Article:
What Questions Get Asked In Family Court


  • Parental disputes over the upbringing of children
  • Adoption
  • Special guardianship
  • Surrogacy
  • Financial support for children after divorce
  • Decrees relating to divorce
  • Local authority intervention to protect children
  • Forced marriage protection

If you face a child custody battle, then the family court will expect each parent to put forward their case and ask several questions to determine what child custody agreement works the best for the children involved.

What Questions Get Asked During a Child Custody Hearing?

Some questions you should expect to hear during a child custody hearing include:

1. What is Your Financial Status?

A judge will always inquire into the parents’ financial status and resources to determine who can care for the children’s basic financial needs such as shelter and food. You should be prepared to provide evidence on your income to the Family Court, as the judge will determine whether sole or joint custody suits the children’s needs.

2. What Type of Custody Agreement Are You Looking to Obtain?

Both parents will be asked about the type of custody agreement they’re seeking during a child custody hearing. Usually, the court prefers a joint custody arrangement because it serves the interests of the children, allowing them to keep close contact with both parents. However, if a parent is looking to obtain sole custody, they must be prepared to provide enough evidence as to why the other parent should not have custody.

Separately, parents who can compromise on their custody arrangements without turning the decision-making over to the judge are strongly encouraged to do so. So long as the agreement is in the best interests of the children, the parents may settle custody by private agreement.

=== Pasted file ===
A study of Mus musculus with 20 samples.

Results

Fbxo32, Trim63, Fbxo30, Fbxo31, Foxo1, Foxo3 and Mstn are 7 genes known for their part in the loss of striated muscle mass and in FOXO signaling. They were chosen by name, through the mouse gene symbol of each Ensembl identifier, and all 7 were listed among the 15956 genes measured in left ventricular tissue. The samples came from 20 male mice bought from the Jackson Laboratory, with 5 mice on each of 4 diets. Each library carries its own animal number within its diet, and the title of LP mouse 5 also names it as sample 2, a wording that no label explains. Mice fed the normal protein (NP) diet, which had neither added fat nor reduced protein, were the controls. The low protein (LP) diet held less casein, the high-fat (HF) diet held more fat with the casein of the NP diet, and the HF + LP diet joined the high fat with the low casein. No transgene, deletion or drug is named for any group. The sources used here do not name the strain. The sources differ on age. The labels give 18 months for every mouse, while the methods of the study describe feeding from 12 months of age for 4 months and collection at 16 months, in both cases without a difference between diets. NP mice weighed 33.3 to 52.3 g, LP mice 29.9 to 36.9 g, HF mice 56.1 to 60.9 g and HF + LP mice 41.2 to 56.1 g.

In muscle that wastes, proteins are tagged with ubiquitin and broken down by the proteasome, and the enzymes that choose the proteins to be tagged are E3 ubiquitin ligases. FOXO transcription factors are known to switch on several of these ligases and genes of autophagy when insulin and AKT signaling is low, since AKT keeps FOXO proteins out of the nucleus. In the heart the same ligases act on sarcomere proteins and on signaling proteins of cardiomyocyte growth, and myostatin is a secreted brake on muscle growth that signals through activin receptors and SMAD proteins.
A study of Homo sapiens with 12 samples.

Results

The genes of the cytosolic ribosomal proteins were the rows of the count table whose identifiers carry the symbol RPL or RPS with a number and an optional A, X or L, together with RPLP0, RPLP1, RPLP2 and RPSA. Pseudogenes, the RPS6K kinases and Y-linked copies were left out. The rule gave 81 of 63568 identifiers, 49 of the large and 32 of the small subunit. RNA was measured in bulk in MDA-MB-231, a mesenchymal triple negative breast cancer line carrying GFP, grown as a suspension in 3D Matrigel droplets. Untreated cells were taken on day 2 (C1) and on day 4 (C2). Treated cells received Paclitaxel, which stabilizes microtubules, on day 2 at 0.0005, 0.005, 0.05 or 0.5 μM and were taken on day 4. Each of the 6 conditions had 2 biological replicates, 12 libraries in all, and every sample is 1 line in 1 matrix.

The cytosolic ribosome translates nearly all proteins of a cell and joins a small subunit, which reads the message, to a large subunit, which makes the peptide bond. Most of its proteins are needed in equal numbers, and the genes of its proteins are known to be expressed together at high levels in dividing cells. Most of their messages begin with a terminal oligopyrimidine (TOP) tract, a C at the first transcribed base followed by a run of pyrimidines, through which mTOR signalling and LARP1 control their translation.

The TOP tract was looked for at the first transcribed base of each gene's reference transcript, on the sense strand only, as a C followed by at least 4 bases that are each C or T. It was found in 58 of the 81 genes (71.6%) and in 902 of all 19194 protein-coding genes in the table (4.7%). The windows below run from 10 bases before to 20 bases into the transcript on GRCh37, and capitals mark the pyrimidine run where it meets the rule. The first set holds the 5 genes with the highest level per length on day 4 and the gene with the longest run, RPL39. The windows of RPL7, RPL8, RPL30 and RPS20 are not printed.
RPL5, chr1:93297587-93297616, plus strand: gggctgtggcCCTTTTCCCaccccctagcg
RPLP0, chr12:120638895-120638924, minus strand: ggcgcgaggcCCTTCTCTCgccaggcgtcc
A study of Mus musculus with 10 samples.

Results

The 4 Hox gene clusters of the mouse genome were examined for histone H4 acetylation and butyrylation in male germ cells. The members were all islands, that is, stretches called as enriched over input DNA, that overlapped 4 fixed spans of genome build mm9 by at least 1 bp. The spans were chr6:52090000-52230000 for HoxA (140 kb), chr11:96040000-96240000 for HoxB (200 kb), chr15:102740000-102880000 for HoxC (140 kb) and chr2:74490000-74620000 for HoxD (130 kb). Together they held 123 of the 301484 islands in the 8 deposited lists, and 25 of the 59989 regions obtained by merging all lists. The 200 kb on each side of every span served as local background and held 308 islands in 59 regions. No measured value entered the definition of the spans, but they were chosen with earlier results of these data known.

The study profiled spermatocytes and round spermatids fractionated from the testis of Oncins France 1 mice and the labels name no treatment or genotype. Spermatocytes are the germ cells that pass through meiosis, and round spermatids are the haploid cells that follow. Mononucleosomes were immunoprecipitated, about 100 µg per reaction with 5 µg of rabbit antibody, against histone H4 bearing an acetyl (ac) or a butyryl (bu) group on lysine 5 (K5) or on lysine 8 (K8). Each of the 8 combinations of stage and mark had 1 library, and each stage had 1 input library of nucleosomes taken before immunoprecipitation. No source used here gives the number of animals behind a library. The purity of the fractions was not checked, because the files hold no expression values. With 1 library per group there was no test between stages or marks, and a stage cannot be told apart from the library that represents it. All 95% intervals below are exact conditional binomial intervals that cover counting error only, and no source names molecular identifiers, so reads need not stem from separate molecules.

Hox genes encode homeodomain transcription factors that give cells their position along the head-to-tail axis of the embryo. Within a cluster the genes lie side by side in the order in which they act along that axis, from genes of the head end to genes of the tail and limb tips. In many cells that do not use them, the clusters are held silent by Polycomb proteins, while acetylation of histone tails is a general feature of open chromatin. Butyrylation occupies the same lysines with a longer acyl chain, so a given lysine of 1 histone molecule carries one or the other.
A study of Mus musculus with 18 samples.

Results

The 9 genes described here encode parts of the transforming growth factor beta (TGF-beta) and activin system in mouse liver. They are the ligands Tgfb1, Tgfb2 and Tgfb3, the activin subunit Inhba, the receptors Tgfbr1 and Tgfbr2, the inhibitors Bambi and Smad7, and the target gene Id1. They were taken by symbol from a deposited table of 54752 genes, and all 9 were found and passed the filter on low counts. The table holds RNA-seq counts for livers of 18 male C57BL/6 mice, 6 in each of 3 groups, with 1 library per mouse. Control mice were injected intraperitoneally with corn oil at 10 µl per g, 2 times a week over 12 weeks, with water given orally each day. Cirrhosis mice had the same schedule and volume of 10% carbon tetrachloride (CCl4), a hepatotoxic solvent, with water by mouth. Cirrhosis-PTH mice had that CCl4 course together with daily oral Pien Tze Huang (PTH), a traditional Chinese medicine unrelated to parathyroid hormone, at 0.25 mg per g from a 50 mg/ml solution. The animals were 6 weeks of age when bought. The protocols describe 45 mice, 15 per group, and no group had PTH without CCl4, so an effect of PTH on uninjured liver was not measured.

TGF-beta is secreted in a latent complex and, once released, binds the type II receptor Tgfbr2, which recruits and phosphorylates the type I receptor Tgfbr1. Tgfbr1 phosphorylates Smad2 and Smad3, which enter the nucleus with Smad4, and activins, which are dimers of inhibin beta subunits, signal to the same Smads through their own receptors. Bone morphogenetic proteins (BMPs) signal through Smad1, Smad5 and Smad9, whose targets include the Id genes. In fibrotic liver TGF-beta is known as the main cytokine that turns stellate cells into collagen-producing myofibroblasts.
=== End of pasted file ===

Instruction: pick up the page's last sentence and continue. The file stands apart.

3. What is the Parents’ Level of Communication With One Another?

As previously mentioned, most judges tend to offer both parents custody, assuming that spending time with both parents will serve the child’s best interests. However, to grant both parents custody, the judge will most likely ask about the parent’s level of communication with one another. Suppose a judge determines a joint custody arrangement is the best option. In that case, the parents will need to keep close communication about decisions that may impact the child’s day-to-day life or about the child’s upbringing, including religious affiliation, education, healthcare provider, and so on.

Arizona applies a co-parenting model regarding child custody. So if the parents seek joint custody, they are required by law to submit a written parenting plan to the court.

4. Are There Any Existing Arrangements?

During child custody, the judge will ask if there is any formal or informal current custody arrangement and determine whether some parts of these arrangements are not working. If there are any current custody arrangements, make sure to mention them, as the court doesn’t want to interfere with a custody arrangement that may seem to work.

If you are struggling with a family law custody battle, you may want to seek legal representation to guide you. Dealing with such an unfortunate event may be hard enough for you, so it is highly advised to seek the help of a family law attorney. According to https://www.cosmasonyia.com/

there are different types of child custody that exist in Arizona, so having legal representation by your side may make a difference.